Moonlight Reader

Lawyer, mother, avid reader. Game host extraordinaire! Partner in crime to Obsidian Black Plague! My bookish weaknesses include classics, fantasy, YA, and agreeing to read more books than is even remotely possible.

Currently reading

Capital Crimes: London Mysteries: A British Library Crime Classic (British Library Crime Classics)
Martin Edwards
Progress: 105/410 pages
Sherlock Holmes: The Definitive Collection
Arthur Conan Doyle, Stephen Fry

Chapter 3: A Short Rest

The Hobbit - J.R.R. Tolkien

"Now it is a strange thing, but things that are good to have and days that are good to spend are soon told about, and not much to listen to; while things that are uncomfortable, palpitating, and even gruesome, may make a good tale, and take a deal of telling anyway."

 

A Short Rest takes us to our first experience with elves and Rivendell, and it is hard to square these elves with the elves that we will meet in Lord of the Rings. Even Elrond, a character who appears in both books, is very different between now and then, although Tolkien is careful to describe him in a way that allows us to take him seriously, in spite of the fact that the elves are consistently behaving in a way that certainly appears to be juvenile and silly.

 

"In those days of our tale there were still some people who had both elves and heroes of the North for ancestors, and Elrond the master of the house was their chief. He was as noble and as fair in face as an elf-lord, as strong as a warrior, as wise as a wizard, as venerable as a king of dwarves, and as kind as summer. He comes into many tales, but his part in the story of Bilbo’s great adventure is only a small one, though important, as you will see, if we ever get to the end of it. His house was perfect, whether you liked food, or sleep, or work, or story-telling, or singing, or just sitting and thinking best, or a pleasant mixture of them all. Evil things did not come into that valley."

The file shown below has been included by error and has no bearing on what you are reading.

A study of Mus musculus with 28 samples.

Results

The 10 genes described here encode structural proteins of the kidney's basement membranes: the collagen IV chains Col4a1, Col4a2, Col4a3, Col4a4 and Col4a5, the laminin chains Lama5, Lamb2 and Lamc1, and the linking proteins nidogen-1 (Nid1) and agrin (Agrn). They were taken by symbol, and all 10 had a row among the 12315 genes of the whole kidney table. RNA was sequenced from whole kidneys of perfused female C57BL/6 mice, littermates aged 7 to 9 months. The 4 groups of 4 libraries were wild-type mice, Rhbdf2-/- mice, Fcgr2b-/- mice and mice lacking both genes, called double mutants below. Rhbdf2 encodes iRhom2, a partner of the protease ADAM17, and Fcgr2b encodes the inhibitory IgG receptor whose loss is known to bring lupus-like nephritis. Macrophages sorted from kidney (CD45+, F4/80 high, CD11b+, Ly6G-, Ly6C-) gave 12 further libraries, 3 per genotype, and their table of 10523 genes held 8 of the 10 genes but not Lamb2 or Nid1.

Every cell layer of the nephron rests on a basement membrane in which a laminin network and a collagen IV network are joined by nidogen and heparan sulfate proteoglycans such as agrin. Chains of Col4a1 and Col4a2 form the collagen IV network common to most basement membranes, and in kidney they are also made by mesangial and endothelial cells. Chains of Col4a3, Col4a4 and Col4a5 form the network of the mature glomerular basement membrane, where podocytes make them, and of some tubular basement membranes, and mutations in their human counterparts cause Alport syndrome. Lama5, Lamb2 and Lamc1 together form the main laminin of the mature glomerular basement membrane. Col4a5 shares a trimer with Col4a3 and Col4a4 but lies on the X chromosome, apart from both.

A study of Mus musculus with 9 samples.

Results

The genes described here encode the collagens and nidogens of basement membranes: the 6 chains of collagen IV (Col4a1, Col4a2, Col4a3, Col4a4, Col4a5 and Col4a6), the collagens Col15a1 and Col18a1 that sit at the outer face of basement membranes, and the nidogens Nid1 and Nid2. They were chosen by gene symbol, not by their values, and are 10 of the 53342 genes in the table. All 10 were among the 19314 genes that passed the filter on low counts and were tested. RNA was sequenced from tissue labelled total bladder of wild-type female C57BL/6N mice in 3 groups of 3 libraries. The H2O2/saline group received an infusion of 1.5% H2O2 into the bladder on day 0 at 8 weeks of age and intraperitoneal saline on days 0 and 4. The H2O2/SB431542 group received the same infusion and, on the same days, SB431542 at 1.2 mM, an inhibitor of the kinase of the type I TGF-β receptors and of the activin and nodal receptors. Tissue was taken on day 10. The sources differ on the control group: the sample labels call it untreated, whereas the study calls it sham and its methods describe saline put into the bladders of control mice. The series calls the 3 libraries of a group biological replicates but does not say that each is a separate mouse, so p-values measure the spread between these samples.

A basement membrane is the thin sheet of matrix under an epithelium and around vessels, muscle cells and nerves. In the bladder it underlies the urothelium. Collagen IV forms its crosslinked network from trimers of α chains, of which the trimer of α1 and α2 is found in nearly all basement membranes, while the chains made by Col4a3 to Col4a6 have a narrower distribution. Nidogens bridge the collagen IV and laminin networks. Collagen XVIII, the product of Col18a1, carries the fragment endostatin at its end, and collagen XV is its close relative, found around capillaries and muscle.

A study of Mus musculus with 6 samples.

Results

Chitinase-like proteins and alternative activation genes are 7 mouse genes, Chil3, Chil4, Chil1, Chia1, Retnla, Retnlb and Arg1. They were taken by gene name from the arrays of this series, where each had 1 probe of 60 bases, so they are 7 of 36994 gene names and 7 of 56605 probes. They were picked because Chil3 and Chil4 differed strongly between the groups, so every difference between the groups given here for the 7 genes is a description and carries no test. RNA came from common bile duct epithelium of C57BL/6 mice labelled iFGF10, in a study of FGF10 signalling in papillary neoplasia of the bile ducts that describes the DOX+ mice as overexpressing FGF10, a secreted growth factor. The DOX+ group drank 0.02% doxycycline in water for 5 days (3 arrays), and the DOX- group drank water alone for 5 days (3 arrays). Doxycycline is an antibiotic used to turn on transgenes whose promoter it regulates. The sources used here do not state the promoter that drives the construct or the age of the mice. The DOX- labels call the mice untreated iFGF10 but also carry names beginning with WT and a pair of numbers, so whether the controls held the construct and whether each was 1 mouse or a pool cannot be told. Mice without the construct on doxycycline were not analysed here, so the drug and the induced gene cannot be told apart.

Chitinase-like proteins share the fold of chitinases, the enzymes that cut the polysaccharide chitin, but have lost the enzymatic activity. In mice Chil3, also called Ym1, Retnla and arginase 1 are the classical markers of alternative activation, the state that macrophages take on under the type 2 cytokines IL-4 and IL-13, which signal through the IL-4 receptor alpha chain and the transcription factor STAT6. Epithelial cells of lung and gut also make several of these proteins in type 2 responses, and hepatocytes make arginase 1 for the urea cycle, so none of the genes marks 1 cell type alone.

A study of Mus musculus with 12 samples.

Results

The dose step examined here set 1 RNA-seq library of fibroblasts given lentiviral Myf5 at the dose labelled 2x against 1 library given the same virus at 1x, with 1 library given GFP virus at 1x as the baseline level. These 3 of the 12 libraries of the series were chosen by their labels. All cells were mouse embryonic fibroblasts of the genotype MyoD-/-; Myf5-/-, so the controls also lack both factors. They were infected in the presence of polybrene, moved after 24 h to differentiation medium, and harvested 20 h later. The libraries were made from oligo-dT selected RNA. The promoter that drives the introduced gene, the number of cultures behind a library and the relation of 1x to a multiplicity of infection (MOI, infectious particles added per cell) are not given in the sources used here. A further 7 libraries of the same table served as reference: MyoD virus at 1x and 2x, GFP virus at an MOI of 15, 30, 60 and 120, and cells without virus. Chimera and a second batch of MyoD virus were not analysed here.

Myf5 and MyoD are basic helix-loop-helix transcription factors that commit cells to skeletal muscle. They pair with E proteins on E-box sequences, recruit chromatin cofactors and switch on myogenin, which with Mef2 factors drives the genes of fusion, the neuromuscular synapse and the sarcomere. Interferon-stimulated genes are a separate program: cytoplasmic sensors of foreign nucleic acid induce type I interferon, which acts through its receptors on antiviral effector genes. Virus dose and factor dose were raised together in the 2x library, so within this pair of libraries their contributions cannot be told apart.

I think it's also time to start pointing out that there seems to be a hand at work here that transcends even Gandalf. In "Exploring J.R.R. Tolkien's Hobbit," Professor Olsen refers to it as the presence of "luck," which he defines as "good fortune" coupled with "prophesy." Experienced readers know that Chapter 5 constitutes a turning point, not just for Bilbo and the dwarves, but for the very survival of Middle Earth.

 

How is luck working for Bilbo? Well, first, he was chosen by Gandalf for this adventure and we still have no real idea why, out of all of the hobbits in all of the land (leaving aside all of the potential men and elves) Gandalf felt that Bilbo was the guy that needed to go on this adventure. It is ostensibly about treasure, but is it, really, just about treasure? Or is there a bigger purpose at work here? 

 

And then we have the luck of finding two elvish blades - and not just any two blades, but two of the greatest elvish blades ever forged at killing Goblins, which are in the hands of the dwarves precisely when they are captured by Goblins. And then, of course, we also have the extraordinary coincidence of Elrond examining the map on the night and under the moon that allows him to read the moon runes, which would have otherwise gone undiscovered.

 

There is nothing so crude as a prophesy working here - no ancient foretelling of the halfling who will find the ring of power and carry it to the edge of doom sort of thing, but still, when I look at the string of coincidences conspiring to shove Bilbo into the wild, into a place where he should not and would not be but for these forces, you have to wonder. Is it just Gandalf? Or is it more.